Early on Monday morning, I finished my Peaceful Winter Scene painting. Overall, I’m pleased with it, but at the same time I’m not happy with all that I see here.
Now, to you, this painting might look like a peaceful winter scene, but it’s not. It’s actually a camel.
OK, I know. You can’t see the camel, and that’s a good thing, because I don’t do animals very well. If I ever tried to paint a camel… well, that’s not even a pretty thought. So, what in the world am I talking about when I say this painting is actually a camel?
Simple. One of my favorite bits of wisdom is the old quip that “A camel is a horse designed by a committee.” Think about it, and you’ll realize how true those words are. Committees have a purpose, and they have advantages in some things, but overall, committees can mean dealing with too many different ideas, too many different opinions, too many approaches to a problem, and too many compromises, resulting in something that pleases no one.
My winter painting wasn’t designed by a committee, nor was it painted by one, but to me, that’s how it appears. Each time I worked on this painting, the word that came to mind was consistency, or more to the point, its opposite: inconsistency.
I’m still at a point where I’m doing different things, exploring different styles, and learning different ways to approach oil painting. Fellow blogger, cathytea, recently commented about artistic style:
“…there’s no need to limit yourself to one style. It’s quite marvelous to have a range of expression and to surprise yourself!”
Yes, I’ll probably be one of those artists whose works are always all over the place — and I don’t just mean all over the house. I mean all over the place where style is concerned. But while I’m grateful to think that the art world allows such variance, I’m not comfortable finding it within a single painting.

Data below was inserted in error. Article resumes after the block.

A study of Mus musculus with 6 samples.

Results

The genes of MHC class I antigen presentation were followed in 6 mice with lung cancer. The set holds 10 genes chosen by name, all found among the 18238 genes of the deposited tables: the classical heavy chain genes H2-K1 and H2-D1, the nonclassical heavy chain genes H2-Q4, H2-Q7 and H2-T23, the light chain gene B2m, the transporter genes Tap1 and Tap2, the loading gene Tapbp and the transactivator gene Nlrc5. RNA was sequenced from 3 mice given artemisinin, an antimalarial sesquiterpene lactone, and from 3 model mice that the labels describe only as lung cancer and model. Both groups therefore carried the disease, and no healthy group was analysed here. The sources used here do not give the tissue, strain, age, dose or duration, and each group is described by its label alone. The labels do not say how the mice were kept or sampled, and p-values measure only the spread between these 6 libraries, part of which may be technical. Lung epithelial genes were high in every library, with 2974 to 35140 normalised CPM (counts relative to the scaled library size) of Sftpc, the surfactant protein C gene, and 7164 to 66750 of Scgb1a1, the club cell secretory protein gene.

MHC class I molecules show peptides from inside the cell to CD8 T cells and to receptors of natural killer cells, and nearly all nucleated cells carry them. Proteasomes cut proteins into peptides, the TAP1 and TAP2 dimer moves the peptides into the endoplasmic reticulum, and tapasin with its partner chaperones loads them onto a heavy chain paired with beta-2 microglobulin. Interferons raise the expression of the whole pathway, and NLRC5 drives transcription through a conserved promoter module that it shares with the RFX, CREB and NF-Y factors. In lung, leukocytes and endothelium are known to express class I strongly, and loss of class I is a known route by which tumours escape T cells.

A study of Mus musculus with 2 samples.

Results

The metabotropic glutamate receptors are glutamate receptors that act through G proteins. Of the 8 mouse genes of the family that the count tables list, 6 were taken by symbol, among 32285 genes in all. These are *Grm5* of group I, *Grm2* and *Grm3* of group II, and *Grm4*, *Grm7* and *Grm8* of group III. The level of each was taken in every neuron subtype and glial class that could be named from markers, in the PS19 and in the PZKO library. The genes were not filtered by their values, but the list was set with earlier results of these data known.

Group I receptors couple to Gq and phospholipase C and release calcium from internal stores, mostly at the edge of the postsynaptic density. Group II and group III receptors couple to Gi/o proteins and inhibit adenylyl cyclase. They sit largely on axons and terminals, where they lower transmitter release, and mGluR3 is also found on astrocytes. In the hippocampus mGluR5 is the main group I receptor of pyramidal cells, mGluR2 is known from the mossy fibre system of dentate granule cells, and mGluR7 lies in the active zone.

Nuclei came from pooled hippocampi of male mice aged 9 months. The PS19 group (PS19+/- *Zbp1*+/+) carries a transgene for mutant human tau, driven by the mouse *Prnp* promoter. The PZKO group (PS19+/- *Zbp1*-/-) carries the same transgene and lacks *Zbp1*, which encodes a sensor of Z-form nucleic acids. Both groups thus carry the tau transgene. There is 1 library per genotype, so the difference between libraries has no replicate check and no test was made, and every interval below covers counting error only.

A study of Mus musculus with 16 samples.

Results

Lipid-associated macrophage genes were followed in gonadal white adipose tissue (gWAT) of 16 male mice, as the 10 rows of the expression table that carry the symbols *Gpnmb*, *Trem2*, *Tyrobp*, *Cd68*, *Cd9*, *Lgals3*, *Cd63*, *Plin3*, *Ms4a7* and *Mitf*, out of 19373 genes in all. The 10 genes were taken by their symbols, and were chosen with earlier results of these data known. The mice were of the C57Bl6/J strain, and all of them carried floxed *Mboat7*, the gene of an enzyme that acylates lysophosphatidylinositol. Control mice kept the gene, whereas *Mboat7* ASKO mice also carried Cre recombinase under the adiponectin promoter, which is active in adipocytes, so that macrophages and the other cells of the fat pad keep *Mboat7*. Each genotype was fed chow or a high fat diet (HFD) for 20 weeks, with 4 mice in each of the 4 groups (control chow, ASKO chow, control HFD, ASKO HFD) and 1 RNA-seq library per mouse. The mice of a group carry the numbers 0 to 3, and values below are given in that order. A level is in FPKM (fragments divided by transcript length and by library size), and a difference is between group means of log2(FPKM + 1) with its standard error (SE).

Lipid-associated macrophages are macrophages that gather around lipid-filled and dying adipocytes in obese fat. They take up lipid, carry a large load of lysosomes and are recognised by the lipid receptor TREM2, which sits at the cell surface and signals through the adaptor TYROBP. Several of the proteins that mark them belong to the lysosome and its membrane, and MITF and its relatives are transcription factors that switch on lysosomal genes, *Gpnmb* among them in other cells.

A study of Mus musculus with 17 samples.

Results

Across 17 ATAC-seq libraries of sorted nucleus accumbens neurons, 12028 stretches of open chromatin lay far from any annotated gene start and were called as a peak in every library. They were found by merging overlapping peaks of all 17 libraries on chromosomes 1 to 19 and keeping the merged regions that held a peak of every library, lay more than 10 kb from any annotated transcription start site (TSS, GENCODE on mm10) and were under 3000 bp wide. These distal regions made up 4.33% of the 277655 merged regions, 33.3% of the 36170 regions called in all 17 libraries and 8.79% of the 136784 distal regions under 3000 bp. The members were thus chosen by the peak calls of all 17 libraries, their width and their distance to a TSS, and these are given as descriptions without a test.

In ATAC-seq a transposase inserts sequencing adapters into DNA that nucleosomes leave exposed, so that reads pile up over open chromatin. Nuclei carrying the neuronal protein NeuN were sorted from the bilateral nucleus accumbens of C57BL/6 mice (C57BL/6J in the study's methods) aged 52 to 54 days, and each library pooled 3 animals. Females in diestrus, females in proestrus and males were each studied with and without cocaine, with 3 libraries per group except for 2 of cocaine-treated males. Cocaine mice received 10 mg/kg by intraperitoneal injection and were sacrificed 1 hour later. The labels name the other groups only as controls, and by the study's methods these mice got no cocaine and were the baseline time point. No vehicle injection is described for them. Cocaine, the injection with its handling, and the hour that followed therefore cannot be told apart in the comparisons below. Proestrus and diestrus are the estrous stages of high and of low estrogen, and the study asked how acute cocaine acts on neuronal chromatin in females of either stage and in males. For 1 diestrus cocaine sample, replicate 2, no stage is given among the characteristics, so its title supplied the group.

To me, it appears that the soft, impressionist background was painted by one artist; the tress were done by another. Yet another artist completed the bushes, while another worked on the rocks.
Before adding in the final touches — those little bits of grass here and there — I stood at the easel looking at the painting for a long time, wondering which artist I was, and wondering, too, if my attempts to paint tufts of grass would add anything to the painting, or if I might only end up spoiling what was already done.
I added a little grass here and there — a bit half-heartedly — and I called it done. But now I’m left wondering again which artist I am? Oh, I know, I’m the entire committee, and that’s what bothers me.
I want to develop more consistency so that paintings I complete don’t look like figurative camels. I’m just not sure how to go about improving this aspect of my paintings. I suppose like so many other things, it’s very much a matter of practice. In time, as my painting skills become more developed and more refined, maybe my inconsistencies will gradually fade as my work takes on a more unified style.
Or maybe not. Maybe I’ll always be painting camels, and maybe that’s all right.